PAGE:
Rarely does a week go by that a celeb isn't called out for appropriating another culture
Kim Kardashian, Kylie Jenner, Katy Perry, Selena Gomez, Miley Cyrus and even Beyoncé have all faced scrutiny for allegedly stealing from other cultures. And if a ruling passes in the United Nations, then a lottttttt of people are going to need to get rid of their bindis and Native American headdresses.
Indigenous leaders from across the world requested that the UN outlaw cultural appropriation.
Representatives from over 180 countries convened in Geneva, Switzerland to discuss the potential law. And although they've been working on three aspects of document for 16 years, cultural appropriation clearly isn't going anywhere, especially if music festivals are any indication.
If passed, the law would expand intellectual property regulations that "recognize and prevent the non-consensual taking and illegitimate possession, sale and export of traditional cultural expressions" like Indigenous designs, dances, traditional medicine, and words, according to the CBC.
The issue is bigger than just copying a design — cultural appropriation is one brand profiting off of another culture's creations.
When Urban Outfitters created a line of Navajo inspired items, such as "Navajo hipster panties" and a "Navajo hipster flask," not only were they offensive, but they violated the Navajo Nation's trademarks. Although the case was settled out of court, cultural appropriation is still alive and well — and most importantly, it's profitable for those who do the appropriating.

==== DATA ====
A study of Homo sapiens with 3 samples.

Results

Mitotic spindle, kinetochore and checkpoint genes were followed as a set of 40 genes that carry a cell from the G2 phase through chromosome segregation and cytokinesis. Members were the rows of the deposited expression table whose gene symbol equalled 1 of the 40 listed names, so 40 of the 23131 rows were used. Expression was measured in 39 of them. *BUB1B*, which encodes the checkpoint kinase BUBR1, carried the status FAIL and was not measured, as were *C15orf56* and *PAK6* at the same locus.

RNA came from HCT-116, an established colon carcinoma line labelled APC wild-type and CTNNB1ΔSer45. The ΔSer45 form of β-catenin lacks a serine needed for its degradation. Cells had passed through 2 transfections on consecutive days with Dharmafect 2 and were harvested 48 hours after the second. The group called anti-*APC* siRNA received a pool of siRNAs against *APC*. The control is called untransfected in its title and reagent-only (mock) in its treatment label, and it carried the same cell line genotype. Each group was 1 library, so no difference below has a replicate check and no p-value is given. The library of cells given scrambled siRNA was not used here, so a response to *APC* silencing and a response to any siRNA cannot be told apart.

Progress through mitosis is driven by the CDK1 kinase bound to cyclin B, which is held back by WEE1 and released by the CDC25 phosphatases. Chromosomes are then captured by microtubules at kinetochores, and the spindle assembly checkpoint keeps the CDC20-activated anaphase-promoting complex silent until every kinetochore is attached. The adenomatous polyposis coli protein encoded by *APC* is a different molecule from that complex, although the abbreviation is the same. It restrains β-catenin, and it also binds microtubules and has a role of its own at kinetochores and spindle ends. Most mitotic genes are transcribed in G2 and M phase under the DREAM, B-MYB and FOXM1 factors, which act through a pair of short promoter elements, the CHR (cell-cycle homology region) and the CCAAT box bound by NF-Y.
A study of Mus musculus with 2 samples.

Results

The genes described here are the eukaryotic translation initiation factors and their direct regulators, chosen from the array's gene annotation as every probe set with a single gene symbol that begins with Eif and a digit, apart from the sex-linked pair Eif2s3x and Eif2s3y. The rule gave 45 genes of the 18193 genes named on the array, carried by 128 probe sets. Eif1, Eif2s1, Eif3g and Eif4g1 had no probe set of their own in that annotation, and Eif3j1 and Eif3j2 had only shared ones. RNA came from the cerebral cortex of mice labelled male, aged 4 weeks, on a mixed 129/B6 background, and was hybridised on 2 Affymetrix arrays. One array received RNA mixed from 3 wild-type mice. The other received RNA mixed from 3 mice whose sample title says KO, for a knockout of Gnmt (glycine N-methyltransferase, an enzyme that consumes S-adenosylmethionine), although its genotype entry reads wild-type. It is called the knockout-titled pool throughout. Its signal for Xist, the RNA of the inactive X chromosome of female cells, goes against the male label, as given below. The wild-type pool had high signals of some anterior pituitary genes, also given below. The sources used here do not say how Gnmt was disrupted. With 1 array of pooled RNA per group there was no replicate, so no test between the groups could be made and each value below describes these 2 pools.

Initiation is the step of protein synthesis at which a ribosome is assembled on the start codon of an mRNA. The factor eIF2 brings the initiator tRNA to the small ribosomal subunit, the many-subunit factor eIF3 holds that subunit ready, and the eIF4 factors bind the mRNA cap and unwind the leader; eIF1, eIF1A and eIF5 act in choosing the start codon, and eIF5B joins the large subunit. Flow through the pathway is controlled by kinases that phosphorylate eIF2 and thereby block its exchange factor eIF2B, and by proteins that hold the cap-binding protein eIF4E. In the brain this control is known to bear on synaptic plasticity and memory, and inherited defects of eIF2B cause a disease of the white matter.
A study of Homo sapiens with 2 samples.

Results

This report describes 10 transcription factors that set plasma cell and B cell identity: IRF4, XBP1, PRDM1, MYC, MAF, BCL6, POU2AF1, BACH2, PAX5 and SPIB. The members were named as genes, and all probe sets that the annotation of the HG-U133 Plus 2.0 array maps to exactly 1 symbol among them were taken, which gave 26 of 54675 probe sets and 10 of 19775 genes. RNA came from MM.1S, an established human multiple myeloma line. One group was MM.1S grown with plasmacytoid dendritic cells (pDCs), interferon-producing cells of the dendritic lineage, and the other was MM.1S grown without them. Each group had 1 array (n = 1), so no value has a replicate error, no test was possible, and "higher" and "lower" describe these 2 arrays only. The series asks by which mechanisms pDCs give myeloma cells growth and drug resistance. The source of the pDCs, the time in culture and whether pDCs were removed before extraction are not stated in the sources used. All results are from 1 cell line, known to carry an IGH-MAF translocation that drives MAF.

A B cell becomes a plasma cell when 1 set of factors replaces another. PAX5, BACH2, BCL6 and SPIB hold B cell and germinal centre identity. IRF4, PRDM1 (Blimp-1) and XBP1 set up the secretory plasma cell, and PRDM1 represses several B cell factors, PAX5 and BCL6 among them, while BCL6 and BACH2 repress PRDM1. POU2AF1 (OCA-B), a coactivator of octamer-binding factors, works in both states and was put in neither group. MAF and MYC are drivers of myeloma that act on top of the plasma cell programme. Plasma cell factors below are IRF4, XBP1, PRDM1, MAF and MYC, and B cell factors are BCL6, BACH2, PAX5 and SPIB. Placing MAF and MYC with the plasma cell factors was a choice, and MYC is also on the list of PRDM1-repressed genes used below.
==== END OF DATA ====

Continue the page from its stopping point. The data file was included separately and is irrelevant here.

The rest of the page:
Just this week, Tory Burch was under fire for designing a jacket that strongly resembled a traditional Romanian coat. Although the designer claimed the inspiration derived from Africa, she eventually apologized and gave proper credit.
These laws COULD make cultural appropriation a criminal and civil crime. As it should be.
"[The document should] obligate states to create effective criminal and civil enforcement procedures to recognize and prevent the non-consensual taking and illegitimate possession, sale and export of traditional cultural expressions," said law dean at the University of Colorado James Anaya.
Cultural appropriation at the hands of companies or individuals is not only wrong, but also siphoning profits that could improve indigenous communities worldwide, many of which are struggling. Hopefully brands and individuals will improve their creative strategies before it's too late.